Holocaust survivor Edward Mosberg and granddaughter light a memorial torch at the Yom Hashoah ceremony in Auschwitz-Birkenau on the March of the Living..
(photo credit: YOSSI ZELIGER)
The White House has proclaimed April 28 to May 5 Holocaust Remembrance Week, US President Donald Trump announced last weekend.
“On Yom HaShoah, Holocaust Remembrance Day, and during this week of solemn remembrance, we honor the six million Jewish men, women, and children who were brutally murdered by the Nazi regime,” Trump said in a declaration. “We also remember the Roma and Sinti, persons with disabilities, Poles and Slavic ethnic groups, Soviet prisoners of war, Jehovah’s Witnesses, and persons who were targeted based on their sexual orientation, all of whom were targeted and killed by the Nazis and their collaborators.”
Holocaust Remembrance Day will be commemorated in Israel and the Jewish world over Wednesday night and Thursday.
“The Holocaust will forever haunt the conscience of humanity,” he continued. “Unchecked evil and hatred led to unprecedented depravity and destruction. The Nazi regime sought to exterminate entire populations of those they deemed undesirable.
Millions of Jewish people were forced into ghettos and slave labor camps in which starvation, widespread disease, and senseless brutality took a devastating toll. Many of those who survived were sent to concentration and death camps, in which millions of Jews were murdered in gas chambers and other facilities built for daily human massacre.”
Trump explained that in Hebrew, the day commemorating victims of the Holocaust is called Yom HaShoah Ve-Hagevurah, which means the “Day of [Remembrance of] the Holocaust and the Heroism.”
He went on to say that although we honor the victims of the Holocaust, “we also celebrate the survivors and daring rescuers who overcame horrific injustices, endless nights of darkness, and daunting odds.”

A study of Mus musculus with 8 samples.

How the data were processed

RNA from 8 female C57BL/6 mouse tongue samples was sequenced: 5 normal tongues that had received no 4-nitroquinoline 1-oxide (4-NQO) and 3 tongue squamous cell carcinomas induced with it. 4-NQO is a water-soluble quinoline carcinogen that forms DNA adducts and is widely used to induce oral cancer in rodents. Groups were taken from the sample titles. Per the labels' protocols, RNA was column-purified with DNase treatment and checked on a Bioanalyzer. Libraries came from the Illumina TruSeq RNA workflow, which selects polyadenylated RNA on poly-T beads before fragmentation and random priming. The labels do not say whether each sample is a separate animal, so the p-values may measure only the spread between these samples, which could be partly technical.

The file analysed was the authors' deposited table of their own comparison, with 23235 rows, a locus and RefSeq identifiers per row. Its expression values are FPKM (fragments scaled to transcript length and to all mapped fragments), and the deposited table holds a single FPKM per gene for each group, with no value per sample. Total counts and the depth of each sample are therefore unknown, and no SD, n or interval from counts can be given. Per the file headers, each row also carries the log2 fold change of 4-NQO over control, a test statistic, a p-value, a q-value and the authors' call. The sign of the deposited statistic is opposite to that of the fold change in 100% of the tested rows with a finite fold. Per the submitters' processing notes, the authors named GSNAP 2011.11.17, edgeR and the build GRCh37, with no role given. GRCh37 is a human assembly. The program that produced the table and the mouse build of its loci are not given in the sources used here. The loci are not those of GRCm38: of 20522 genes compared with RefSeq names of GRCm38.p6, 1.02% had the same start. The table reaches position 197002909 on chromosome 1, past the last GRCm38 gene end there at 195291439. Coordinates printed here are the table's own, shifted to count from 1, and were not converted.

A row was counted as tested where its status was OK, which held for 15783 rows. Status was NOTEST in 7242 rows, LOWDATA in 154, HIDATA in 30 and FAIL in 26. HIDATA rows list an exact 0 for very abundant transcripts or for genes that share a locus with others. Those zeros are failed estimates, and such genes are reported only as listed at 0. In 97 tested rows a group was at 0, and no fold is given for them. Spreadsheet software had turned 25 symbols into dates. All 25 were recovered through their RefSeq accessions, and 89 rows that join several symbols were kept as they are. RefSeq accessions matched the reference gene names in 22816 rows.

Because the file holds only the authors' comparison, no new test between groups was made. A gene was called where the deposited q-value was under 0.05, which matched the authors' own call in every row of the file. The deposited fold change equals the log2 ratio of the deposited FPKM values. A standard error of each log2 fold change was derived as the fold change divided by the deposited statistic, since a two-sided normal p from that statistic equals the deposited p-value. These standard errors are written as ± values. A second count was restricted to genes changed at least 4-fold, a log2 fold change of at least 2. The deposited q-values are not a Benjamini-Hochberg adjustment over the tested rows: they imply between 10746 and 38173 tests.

“Survivors of the Holocaust endured firsthand hatred and evil that sought to extinguish human life, dignity, and freedom,” the US president highlighted. When the heroic American and Allied forces liberated them, the survivors had every right to sorrow and bitterness, but instead, they inspired all of humanity with their unbreakable spirit and the prevailing power of hope and forgiveness over horror and hatred.
Trump pointed out that Jewish-Austrian Holocaust survivor Simon Wiesenthal endured five different labor and concentration camps during his lifetime and despite this he lived to the age of 96 where he “spent his life showing the world the depravity of the Nazis so that the haunting truths of the Holocaust would never fade.”
“In his memoirs, he recounted being told by a Nazi guard that it was worthless to tell the story of the Holocaust because no one would ever believe such things were possible,” he added.
On Yom HaShoah, and during this week of remembrance, Trump said that together with the United States, they join Simon Wiesenthal “in refuting his captor and strongly reaffirm our everlasting commitment to honor the victims and survivors of the Holocaust,” who, he said, “through their courageous testimony, fulfill the righteous duty never to forget. We vow never to remain silent or indifferent in the face of evil.”
He made it clear that the American government and its citizens will continue to advance human rights, combat antisemitism, and dispel all forms of hatred in every part of the world with the utmost devotion.
In his declaration, Trump appealed to the American people to observe the Days of Remembrance of Victims of the Holocaust from April 28 through May 5, as well as “the solemn anniversary of the liberation of Nazi death camps, with appropriate study, prayers and commemoration, and to honor the memory of the victims of the Holocaust and Nazi persecution by remembering the lessons of this atrocity so that it is never repeated.”